Arab celebs slam Houthi missile attack near Makkah

Saudi children pick up a piece of the downed missile fired towards Makkah on Thursday by Iranian-backed Houthi militia in Yemen. (AN photo by Ahmad Hashad)
Updated 30 October 2016

JEDDAH: Thursday’s ballistic missile launch by Yemen’s Houthi militias toward Makkah has been denounced by celebrities from the world of Arab entertainment
The rocket was intercepted and downed by Saudi ground forces 65 km from the holy city and since then the heinous crime has drawn global condemnation.
Among those who slammed the attack in the strongest terms are Emirati singer Ahlam Al-Shamsi and Syrian musical artist Assala Nasri.
“May God destroy those who want to harm our holy sites and country. May God keep this country (Saudi Arabia) safe,” tweeted Ahlam, with a picture of the Holy Kaaba.
The popular singer who commands a following of 6.93 million fans on Twitter, also posted a second tweet with the hashtag #Intercepting_missile_launched_toward_Makkah, saying “O God, protect the country of the Two Holy Mosques from all harm ... May God save my family the people of #SaudiArabia.”
Meanwhile, Assala wrote, “May God protect Saudi Arabia and my family there. I love it (Saudi Arabia) as if I were born there, and I fear for it because it is my security and it ensures well-being for everyone.”
Mustafa Agha, prominent Arab journalist and head of Sports at MBC, whose Twitter page with a following of 4.36 million, is one of the most followed accounts in the Arab world, also condemned those who wished to destroy Saudi Arabia, “O God, destroy those who wish to harm our country #Intercepting_missile_launched_toward_Makkah”.
A Saudi-led coalition has been fighting Iran-backed Houthi rebels and forces loyal to deposed President Ali Abdullah Saleh since March 2015 to try to restore the internationally recognized President Abed Rabbo Mansour Hadi.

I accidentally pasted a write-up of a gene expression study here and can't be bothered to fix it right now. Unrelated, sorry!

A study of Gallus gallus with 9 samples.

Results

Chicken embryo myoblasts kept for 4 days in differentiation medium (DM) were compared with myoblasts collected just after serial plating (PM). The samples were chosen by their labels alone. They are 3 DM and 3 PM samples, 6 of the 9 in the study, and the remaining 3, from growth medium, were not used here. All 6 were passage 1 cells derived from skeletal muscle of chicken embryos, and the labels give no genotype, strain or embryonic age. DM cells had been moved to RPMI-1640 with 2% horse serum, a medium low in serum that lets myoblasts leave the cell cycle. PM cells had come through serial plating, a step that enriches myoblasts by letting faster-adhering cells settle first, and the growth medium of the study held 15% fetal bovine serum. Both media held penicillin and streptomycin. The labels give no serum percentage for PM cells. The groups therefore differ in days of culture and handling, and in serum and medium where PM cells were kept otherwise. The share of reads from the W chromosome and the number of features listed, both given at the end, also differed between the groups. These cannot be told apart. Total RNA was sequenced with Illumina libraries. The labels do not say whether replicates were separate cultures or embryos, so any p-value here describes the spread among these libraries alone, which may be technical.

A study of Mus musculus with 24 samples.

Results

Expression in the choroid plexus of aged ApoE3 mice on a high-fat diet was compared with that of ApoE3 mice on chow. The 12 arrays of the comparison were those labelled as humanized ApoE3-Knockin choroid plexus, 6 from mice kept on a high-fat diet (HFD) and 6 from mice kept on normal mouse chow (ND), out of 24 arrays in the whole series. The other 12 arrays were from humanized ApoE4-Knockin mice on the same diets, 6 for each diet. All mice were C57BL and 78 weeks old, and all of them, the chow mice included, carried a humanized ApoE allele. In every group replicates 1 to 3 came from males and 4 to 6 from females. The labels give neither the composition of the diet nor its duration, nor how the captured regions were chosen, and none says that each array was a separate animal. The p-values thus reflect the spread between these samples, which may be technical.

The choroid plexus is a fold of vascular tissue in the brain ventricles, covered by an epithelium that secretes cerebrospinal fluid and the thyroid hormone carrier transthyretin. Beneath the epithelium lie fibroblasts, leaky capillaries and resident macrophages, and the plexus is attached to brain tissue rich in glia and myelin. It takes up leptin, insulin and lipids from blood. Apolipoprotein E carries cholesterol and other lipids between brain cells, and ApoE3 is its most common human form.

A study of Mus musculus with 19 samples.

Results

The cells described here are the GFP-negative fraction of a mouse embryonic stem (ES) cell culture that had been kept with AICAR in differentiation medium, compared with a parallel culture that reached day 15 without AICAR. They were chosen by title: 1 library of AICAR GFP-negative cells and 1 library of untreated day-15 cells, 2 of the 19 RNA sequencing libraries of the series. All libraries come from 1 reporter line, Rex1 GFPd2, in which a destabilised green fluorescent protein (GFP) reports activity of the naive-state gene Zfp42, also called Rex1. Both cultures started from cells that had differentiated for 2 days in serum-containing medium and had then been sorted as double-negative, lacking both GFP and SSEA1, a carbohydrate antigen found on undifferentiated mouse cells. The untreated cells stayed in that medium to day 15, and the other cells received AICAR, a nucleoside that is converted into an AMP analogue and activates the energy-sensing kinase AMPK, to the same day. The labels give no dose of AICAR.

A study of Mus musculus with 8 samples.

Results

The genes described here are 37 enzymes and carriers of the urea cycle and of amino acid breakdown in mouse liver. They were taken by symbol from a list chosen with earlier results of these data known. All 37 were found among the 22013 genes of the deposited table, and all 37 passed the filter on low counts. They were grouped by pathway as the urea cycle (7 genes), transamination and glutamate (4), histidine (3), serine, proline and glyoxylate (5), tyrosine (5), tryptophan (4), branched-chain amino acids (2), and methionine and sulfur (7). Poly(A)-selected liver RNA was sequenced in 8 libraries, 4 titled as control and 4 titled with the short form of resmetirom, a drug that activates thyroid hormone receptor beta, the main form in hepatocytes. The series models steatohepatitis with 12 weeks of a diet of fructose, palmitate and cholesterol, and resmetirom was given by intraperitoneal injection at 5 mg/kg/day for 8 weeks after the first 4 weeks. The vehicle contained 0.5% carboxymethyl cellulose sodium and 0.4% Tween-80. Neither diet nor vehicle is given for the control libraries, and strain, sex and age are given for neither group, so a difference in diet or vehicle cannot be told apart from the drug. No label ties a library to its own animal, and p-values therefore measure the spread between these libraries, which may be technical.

Italy’s Salvini says France has no interest in stabilising Libya

Italy's Interior Minister and deputy PM Matteo Salvini said France has no interest in stabilising the situation in Libya. (AFP)
Updated 54 min 45 sec ago

  • The French say accusation is baseless and reiterated their efforts in Libya
  • Relations between Italy and France, traditionally close allies, have grown frosty since the far-right League and anti-establishment 5-Star Movement formed a coalition

ROME: Deputy Prime Minister Matteo Salvini, continuing a war of words between Rome and Paris, said on Tuesday that France was not looking to bring calm to violence-ravaged Libya because its energy interests there rivalled those of Italy.
Relations between Italy and France, traditionally close allies, have grown frosty since the far-right League and anti-establishment 5-Star Movement formed a coalition last year and took aim at pro-EU French President Emmanuel Macron.
France’s Foreign Ministry and the French president’s office declined to respond immediately.
On Monday France summoned Italy’s ambassador after Salvini’s fellow deputy prime minister, Luigi Di Maio, accused Paris of creating poverty in Africa and generating mass migration to Europe.
Salvini backed up Di Maio, saying France was looking to extract wealth from Africa rather than helping countries develop their own economies, and pointed particularly to Libya, which has been in turmoil since a NATO-backed uprising in 2011 that overthrew strongman Muammar Qaddafi.
“In Libya, France has no interest in stabilising the situation, probably because it has oil interests that are opposed to those of Italy,” Salvini told Canale 5 TV station.
A French diplomatic source said it was not the first time that Salvini had made such comments and that it was probably because he felt he had been upstaged by Di Maio.
The source added that the accusation was baseless and reiterated that French efforts in Libya were aimed at stabilising the country, preventing the spread of terrorism and curbing the migration flows.
Italy’s Eni and France’s Total have separate joint ventures in Libya, but Eni’s CEO Claudio Descalzi denied in a newspaper interview last year that there was any conflict between the two firms in the north African state.
Salvini is head of the League, while Di Maio leads 5-Star. Both are campaigning hard for European parliamentary elections in May and are eager to show they have broken with the consensual politics of center-left and center-right parties.
The two men have repeatedly targeted neighboring France and accused Macron of doing nothing to help handle the hundreds of thousands of mainly African migrants who have reached Italy from Libya in recent years.
Asked about the latest diplomatic spat with Paris, Salvini said on Tuesday: “France has no reason to get upset because it pushed away tens of thousands of migrants (at the French border), abandoning them there as though they were beasts. We won’t take any lessons on humanity from Macron.”